Motivational Interviewing

By Cheryl Perry

A group of SMCC nursing students from all four semesters of the program hosted Stephen Andrew from the Health Education & Training Institute of Portland, Maine. Stephen is world-recognized for his exceptional teaching of Motivational Interviewing, a counseling technique.

The definition Stephen provided to us is as follows: “Motivational Interviewing is a collaborative, goal-oriented style of communication with particular attention to the language of change. It is designed to strengthen personal motivation for and commitment to a specific goal by eliciting and exploring the person’s own reason for change within an atmosphere of acceptance and compassion.”

In healthcare today, 60 to 80 percent of all healthcare needs are lifestyle-related, so being able to communicate effectively without judgment is a required but overlooked skill.
During this session, Stephen provided information about various forms of communication skills. Then we tried them out; every 10 minutes or so he had an exercise where we would practice skills like fully listening, being present, and not asking questions. The basic method he wanted us to practice is OARS, which stands for Open-ended questions, Affirmations, Reflections, Summary.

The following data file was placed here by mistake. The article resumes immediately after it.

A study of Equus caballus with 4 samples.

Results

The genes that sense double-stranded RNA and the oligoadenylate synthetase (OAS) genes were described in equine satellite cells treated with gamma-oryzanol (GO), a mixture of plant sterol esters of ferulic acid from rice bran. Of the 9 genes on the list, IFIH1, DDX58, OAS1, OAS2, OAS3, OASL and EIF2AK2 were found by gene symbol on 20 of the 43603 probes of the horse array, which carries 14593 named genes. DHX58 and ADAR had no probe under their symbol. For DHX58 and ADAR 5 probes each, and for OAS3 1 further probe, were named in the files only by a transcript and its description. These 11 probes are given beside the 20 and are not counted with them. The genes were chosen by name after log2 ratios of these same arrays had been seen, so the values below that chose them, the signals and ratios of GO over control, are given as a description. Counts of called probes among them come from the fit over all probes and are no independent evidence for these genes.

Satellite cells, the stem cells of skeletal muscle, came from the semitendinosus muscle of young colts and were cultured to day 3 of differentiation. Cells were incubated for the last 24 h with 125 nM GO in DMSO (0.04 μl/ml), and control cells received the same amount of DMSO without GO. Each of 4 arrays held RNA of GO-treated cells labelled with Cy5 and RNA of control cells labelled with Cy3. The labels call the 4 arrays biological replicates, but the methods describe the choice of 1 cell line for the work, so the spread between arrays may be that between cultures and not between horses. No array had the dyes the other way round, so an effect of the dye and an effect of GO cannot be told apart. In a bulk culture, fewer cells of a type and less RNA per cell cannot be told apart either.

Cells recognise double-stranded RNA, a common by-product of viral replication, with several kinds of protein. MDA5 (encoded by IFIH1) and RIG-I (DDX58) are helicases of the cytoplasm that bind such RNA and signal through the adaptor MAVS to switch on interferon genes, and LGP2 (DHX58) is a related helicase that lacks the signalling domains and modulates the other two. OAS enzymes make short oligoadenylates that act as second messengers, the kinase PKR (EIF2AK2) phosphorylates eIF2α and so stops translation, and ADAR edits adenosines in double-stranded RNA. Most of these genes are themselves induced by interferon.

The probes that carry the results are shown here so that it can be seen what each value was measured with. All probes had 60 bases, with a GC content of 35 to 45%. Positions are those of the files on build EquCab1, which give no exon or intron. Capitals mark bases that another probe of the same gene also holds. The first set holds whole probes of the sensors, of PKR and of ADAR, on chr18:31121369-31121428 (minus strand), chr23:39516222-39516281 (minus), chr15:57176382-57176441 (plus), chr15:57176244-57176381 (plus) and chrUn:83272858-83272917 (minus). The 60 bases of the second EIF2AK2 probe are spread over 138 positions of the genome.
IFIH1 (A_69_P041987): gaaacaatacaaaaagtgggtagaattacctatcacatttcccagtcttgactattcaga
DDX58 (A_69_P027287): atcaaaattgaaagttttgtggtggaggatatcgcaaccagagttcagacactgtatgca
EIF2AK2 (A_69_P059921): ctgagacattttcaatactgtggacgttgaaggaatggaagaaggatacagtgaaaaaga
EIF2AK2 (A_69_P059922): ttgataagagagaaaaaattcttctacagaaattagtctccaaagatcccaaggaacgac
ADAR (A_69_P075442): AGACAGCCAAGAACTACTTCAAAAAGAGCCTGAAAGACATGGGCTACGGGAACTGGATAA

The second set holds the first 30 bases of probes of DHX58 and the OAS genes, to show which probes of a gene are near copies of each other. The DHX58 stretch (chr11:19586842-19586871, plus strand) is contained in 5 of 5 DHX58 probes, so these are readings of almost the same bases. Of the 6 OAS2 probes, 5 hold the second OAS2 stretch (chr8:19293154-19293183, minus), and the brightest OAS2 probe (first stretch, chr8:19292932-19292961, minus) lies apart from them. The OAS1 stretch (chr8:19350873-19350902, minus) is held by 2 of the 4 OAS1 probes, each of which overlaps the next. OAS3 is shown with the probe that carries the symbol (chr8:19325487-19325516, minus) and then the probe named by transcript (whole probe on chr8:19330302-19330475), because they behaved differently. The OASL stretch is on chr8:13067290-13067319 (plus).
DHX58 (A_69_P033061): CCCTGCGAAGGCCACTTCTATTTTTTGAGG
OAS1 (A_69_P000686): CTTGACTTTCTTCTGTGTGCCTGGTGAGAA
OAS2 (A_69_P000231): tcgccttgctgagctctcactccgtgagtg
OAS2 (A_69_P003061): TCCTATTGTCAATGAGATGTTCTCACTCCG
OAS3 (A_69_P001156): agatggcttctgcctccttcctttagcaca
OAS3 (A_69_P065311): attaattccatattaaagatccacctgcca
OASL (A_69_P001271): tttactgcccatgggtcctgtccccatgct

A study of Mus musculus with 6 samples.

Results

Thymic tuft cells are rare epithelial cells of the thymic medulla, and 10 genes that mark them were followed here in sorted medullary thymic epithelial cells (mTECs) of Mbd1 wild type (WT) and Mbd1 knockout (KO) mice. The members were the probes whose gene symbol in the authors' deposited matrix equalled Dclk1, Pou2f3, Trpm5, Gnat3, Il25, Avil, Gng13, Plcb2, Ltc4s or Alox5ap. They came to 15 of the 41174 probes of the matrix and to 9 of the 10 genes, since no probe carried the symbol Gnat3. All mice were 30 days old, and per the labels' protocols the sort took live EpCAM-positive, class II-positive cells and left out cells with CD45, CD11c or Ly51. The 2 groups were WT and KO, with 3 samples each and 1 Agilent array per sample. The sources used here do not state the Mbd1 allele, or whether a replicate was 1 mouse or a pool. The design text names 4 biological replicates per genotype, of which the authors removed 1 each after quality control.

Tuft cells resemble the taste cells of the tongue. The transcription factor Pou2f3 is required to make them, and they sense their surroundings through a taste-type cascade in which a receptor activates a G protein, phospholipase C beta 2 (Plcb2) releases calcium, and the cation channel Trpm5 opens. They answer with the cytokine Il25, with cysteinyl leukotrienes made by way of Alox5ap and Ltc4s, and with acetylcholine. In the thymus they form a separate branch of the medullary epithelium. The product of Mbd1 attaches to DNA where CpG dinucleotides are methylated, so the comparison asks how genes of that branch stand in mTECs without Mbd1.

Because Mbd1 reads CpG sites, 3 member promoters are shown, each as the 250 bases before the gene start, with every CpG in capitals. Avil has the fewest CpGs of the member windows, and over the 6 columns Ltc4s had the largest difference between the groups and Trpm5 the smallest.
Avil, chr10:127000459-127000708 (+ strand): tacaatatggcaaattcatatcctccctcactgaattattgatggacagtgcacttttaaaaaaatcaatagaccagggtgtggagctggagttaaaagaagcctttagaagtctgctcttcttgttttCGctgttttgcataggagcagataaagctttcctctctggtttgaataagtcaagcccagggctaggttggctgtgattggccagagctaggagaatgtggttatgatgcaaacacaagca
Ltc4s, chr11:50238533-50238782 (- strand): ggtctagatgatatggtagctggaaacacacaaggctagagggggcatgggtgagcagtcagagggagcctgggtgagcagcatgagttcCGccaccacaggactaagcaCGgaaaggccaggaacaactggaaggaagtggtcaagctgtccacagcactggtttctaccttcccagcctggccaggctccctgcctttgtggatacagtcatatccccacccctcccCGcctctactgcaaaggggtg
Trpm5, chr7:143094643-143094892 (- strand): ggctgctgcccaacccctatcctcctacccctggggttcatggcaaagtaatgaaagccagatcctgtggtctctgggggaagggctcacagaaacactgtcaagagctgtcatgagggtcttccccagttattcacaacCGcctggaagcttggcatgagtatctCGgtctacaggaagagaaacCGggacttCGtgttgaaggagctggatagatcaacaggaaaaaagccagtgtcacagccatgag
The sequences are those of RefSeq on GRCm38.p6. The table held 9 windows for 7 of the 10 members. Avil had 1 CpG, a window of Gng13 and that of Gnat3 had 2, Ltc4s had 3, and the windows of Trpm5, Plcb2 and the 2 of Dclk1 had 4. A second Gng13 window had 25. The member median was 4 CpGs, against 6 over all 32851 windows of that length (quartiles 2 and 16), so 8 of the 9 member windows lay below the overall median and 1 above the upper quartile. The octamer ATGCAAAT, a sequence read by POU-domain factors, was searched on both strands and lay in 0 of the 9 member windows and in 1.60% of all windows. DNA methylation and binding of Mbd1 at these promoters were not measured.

He asked us to keep a sheet of paper to jot down our big takeaways from the four-hour workshop. These were a few of mine: “being kind is not enough”; The “No. 1 de-motivator is unsolicited advice”; “judgment is a form of violence”; “people aren’t broken — they suffer, but they’re not broken”; “the receiver is always correct”; “compassion with direction”; “ask permission or offer advice & and wait for the answer, then ask what they think of it”; and “definition of compassion: ability to sit with suffering.”
It was a great session and the SMCC Nursing Club hopes to be able to continue to have Stephen come to work with nursing students each semester.